DJ Khaled and Fat Joe join OnlyFans. What does this mean for other creators?

By Malavika Pradeep

Published Jan 26, 2021 at 12:00 PM

Reading time: 2 minutes

Last week we had Bernie Sanders on a chair, this one we have DJ Khaled on OnlyFans. Though #PutBernieAnywhere was just free entertainment making its rounds on the internet, DJ Khaled’s newest ‘venture’ with Fat Joe is not.

Taking Instagram by storm, DJ Khaled announced the launch of his joint OnlyFans page with Fat Joe, gently urging his fans to subscribe and tune in for exclusive access to their OnlyFans content starting 25 January 2021. Along with this gentle reminder, phrased as “IF I WERE YOU PUT YOUR MONEY ON ME,” he stated that the account solely exists to “motivate, inspire and spread positive vibes,” or “the light” as he terms it.

 


What will Dj Khaled and Fat Joe be posting?

DJ Khaled and Fat Joe’s joint OnlyFans aims to be a fresh breath of air among all the doomscrolling and will feature insights into their personal lives. The content is scheduled to start with a basketball face-off series called ‘The Rematch’, followed by them dining and hanging out in their studio with other guests.

“We’ll be sharing content that’s not anywhere else….it’s the light,” Khaled said in a statement, reported by Complex. “We also wanted to create a community that’s full of positivity and hype each other up! We want to get to know our actual fans,” Fat Joe added.

Subscription to “the light” will supposedly shed you $20 a month and it seems like DJ Khaled and Fat Joe are not the first A-listers to branch out into the uncensored social media platform. Chris Brown and Lil Pump are some of the celebrity pioneers on the platform followed by Cardi B who redefined the purpose of OnlyFans by using it as a promotional tool for her legendary ‘WAP’ single. Many other celebrities have revealed their plans to join including Michael B Jordan, who is set to dedicate the page to his quarantine moustache: “Murphy.”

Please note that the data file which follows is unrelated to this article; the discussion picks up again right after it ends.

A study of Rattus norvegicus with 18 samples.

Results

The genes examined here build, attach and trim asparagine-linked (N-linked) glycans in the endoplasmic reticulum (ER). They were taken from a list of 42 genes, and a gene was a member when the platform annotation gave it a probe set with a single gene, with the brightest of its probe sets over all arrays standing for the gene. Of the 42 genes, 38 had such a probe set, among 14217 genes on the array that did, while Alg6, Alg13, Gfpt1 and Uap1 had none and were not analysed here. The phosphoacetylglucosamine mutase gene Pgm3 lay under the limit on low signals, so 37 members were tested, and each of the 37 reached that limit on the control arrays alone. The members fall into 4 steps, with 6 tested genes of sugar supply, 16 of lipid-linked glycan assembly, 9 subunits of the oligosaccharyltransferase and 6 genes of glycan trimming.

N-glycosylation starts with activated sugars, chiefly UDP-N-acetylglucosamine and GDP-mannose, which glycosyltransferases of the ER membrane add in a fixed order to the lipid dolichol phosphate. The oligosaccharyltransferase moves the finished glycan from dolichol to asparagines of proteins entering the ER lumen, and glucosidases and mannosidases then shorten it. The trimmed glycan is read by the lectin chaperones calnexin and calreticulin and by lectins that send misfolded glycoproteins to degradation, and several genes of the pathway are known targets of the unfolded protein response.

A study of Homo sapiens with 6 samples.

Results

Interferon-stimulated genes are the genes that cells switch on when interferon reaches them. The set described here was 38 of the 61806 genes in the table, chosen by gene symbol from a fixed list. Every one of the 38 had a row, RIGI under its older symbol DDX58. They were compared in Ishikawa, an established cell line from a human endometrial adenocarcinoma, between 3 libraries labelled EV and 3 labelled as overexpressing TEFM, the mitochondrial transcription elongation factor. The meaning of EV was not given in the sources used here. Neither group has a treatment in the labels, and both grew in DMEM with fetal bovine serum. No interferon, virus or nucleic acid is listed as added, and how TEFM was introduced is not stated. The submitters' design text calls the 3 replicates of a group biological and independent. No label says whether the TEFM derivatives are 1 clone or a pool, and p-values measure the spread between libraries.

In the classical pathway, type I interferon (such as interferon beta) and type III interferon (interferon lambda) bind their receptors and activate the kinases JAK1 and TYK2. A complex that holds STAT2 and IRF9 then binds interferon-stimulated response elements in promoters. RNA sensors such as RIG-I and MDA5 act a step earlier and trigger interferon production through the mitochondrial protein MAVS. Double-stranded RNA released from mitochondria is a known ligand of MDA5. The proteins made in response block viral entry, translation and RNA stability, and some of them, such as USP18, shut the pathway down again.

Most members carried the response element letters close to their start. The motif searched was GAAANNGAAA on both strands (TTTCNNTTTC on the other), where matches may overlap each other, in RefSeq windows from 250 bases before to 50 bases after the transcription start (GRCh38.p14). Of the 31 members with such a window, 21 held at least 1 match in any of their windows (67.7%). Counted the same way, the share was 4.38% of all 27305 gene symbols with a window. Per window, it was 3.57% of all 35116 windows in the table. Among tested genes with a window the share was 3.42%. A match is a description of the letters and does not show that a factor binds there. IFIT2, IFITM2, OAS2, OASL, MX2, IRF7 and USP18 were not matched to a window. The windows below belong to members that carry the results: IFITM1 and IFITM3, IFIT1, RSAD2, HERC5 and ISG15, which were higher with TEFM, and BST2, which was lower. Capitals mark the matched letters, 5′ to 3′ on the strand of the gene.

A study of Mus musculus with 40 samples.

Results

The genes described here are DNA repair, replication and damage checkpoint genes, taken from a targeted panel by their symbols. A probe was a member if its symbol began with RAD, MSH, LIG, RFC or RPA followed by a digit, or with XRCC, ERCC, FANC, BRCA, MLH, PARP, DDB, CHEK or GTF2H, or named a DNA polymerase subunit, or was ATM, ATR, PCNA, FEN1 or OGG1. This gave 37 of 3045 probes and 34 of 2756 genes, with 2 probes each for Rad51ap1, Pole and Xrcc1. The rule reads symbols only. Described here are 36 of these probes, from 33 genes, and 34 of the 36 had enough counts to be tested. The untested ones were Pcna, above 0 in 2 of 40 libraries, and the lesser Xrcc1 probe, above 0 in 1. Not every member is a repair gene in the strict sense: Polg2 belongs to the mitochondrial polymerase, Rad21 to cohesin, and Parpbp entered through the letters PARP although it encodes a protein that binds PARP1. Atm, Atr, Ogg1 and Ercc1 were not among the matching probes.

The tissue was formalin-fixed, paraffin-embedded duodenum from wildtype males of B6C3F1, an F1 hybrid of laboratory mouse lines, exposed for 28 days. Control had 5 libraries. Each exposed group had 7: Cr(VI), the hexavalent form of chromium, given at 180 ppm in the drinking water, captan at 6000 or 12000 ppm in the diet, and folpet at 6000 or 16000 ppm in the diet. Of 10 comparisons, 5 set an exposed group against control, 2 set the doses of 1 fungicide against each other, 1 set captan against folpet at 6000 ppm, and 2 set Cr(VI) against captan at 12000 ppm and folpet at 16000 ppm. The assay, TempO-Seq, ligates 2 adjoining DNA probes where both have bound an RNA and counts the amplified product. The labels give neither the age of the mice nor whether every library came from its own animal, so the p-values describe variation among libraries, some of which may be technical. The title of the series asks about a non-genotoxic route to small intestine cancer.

What does celebrity intervention mean for other creators on OnlyFans?

OnlyFans has become a popular hub for adult entertainers over the lockdown. They share exclusive content including pictures and performances in exchange for a subscription fee. In an era synonymous with rampant unemployment, it was no surprise to witness the migration of many onto the platform in search of primary sources of income.

Over time, however, the platform has also been deployed as a promotional tool where celebrities push out new projects and ventures. These influencers successfully redirect their followers across platforms to engage with their content on OnlyFans. This essentially means a loss in demand for other non-celebrity content creators on the platform. It makes their work more challenging, time-consuming and less financially rewarding, eventually discouraging them off the platform.

Apart from societal criticisms, The New York Times reports the involvement of personal risks like ‘doxxing’—a form of online harassment where users dig up and publish private information with malicious intent, and ‘capping’—sharing of unauthorised screenshots or recordings on the internet. All of this adds to their fear of not being able to pay their bills for tomorrow or land a traditional 9 to 5 job in the future.

The fact that Tim Stokely, CEO of OnlyFans, admits to being eager to “take OnlyFans out of the pornography niche and make it a platform for all sorts of influencers and audiences” does not help their case either.

How is the internet reacting to all this?

One can either have a field day counting the number of fire emojis on DJ Khaled’s Instagram announcement or counting the number of ‘wait, what?’s on his Twitter thread. There is simply no in-between. While the majority lean towards questioning their own existence along with DJ Khaled’s on OnlyFans, some can’t wait to spend $20 to see the producer and rapper shoot hoops on the platform.

https://twitter.com/gentryyy/status/1351649336438919170

With celebrities increasingly conquering OnlyFans, we can only hope there won’t be “another one” (after “Murphy”, of course).